Christen, thanks again for the chance to guest post here at The Uncontainable Truth!
My four year old daughter's shoulders are sagging as she tugs my shirt and stares at me with round, pleading eyes.
"It just makes me so sad," she moans.
I'm sad, too. Slightly amused at her, but sad for entirely different reasons.
"Did you see her toy kitchen? It was pink! She has an apron! I'm just so sad about my green toy kitchen. It's not so cute and pink like hers." She's been moping for a full ten minutes.
Caroline's toy kitchen is green, and so is she, with jealousy. My generous, joyful girl has, for the first time, been bitten hard by the monster of envy. I wrap my arms around her and tell how Mimi and Pal gave her the green toy kitchen for Christmas when she was tiny. I tell her how her beloved Pal pieced it together, while bald, tiny Caroline trailed behind him, scattering screws and making the task hard and sweet.
Within moments, Caroline is belly laughing and ready to pretend cook. While she stirs make-believe stew, my own thoughts brew about envy.
How skinny girls make me want to lose weight.
How spacious floor plans and tall ceilings make me miss our old house.
How fashion magazines make my own closet depressing.
We compare ourselves to others constantly. Where we win, pride festers in our soul.
... at least we're thinner/smarter/nicer/wealthier/more stylish/more holy than her.
Where we lose the comparison competition, jealousy breeds.
Our green toy kitchen is no longer nearly as fun, now that she has a pink one.
Our house/car/body/abilities are no longer worth gratitude, since hers are better.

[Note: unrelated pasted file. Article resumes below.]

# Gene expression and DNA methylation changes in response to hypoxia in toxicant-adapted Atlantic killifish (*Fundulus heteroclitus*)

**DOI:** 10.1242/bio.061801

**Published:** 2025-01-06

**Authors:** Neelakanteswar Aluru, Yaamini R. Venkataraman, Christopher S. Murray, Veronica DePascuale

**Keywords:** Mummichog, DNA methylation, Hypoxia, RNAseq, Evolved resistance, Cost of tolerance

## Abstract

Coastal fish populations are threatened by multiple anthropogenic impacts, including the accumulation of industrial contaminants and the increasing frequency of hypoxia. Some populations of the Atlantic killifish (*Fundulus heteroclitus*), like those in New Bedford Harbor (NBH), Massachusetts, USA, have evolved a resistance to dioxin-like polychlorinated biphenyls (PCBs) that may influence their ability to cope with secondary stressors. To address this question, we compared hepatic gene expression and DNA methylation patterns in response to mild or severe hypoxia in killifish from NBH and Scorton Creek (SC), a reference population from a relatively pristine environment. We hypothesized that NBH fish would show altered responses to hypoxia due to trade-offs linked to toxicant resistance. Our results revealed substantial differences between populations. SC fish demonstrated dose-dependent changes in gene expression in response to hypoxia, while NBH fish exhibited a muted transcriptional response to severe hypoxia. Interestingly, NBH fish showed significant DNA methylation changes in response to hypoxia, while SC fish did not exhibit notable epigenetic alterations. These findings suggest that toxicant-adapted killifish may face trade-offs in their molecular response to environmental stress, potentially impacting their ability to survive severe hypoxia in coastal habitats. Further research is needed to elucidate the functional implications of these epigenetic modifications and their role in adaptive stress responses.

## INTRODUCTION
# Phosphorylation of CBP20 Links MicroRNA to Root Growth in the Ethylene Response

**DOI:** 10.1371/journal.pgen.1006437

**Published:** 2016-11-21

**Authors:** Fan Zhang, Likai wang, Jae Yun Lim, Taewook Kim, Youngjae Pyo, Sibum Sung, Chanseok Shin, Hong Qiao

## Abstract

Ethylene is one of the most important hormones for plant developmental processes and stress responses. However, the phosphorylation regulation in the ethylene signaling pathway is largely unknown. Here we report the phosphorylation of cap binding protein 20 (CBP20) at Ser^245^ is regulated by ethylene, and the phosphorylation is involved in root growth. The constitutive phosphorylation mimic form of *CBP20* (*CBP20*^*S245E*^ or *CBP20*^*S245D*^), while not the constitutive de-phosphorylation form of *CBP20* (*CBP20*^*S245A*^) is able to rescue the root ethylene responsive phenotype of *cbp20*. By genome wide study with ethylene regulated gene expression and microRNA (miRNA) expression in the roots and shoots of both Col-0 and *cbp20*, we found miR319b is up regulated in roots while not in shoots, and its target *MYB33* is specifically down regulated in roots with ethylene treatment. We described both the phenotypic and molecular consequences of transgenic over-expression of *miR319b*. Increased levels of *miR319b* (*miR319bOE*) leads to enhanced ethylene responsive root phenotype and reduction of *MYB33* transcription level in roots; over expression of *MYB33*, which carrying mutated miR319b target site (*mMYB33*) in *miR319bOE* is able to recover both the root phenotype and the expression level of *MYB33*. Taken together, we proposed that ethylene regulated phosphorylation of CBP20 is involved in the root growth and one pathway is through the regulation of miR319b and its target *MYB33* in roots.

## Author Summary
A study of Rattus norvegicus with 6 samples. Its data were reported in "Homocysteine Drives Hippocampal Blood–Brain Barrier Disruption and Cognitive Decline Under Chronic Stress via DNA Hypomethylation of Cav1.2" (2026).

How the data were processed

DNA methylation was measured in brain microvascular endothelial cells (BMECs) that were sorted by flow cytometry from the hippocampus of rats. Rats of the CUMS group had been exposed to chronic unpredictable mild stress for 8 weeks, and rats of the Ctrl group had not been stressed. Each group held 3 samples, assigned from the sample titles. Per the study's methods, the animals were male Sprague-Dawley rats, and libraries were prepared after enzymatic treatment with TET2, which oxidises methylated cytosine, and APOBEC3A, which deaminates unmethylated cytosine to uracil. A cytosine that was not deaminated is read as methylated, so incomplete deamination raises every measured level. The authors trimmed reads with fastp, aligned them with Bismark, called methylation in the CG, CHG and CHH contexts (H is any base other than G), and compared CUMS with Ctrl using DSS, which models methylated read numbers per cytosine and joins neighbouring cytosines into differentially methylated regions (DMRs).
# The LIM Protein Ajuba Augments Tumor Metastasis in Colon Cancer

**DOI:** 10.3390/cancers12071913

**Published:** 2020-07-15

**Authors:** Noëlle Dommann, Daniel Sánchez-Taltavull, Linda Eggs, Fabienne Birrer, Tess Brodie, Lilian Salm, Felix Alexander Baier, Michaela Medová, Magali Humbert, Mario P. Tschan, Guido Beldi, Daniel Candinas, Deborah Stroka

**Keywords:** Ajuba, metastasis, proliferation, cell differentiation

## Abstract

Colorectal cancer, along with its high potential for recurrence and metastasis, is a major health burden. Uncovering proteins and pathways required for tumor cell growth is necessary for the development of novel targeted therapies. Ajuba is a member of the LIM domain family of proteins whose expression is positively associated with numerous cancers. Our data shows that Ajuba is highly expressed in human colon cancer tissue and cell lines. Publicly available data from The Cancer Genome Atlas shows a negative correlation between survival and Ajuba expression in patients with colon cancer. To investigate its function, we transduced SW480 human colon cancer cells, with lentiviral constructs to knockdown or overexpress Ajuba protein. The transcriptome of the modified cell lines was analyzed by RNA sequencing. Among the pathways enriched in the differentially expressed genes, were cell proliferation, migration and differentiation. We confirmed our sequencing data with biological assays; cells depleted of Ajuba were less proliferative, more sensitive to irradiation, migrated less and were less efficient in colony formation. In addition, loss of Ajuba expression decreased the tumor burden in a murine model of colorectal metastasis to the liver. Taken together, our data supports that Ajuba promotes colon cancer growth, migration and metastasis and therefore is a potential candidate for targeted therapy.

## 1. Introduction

And how do we pick whom we compare ourselves to?
When I chastise myself for gaining five pounds,
I'm neglecting to compare myself to the woman overtaken by cancer.
I bet she'd prefer my body.
When I call our home small and cramped,
I wonder what their homes are like.
When I groan at a closet overstuffed, partially with clothes I don't like,
I'm forgetting our church asked me to thin that closet by sending items to international refugees who move to our city with nearly nothing.
They're thankful for clean clothes to cover their backs, even if it's not the latest style in Vogue.
Who do we think we are, anyway, that we should always have more and better?
Didn't God Almighty call us "worms" in scripture? (here, here, and here)
Do worms dare
pout for better cars, careers, and figures?
Our merciful Father, even as He calls us worms... He promises to help us.
"'Do not be afraid, you worm Jacob,
little Israel, do not fear,
for I myself will help you,' declares the Lord,
your Redeemer, the Holy One of Israel."
He knows how weak we are.
How prone to sin.
How wrecked with jealousy.
He humbles Himself by living with us...
in the hearts and lives of mere worms...
healing us of our jealousy and sickness and sin.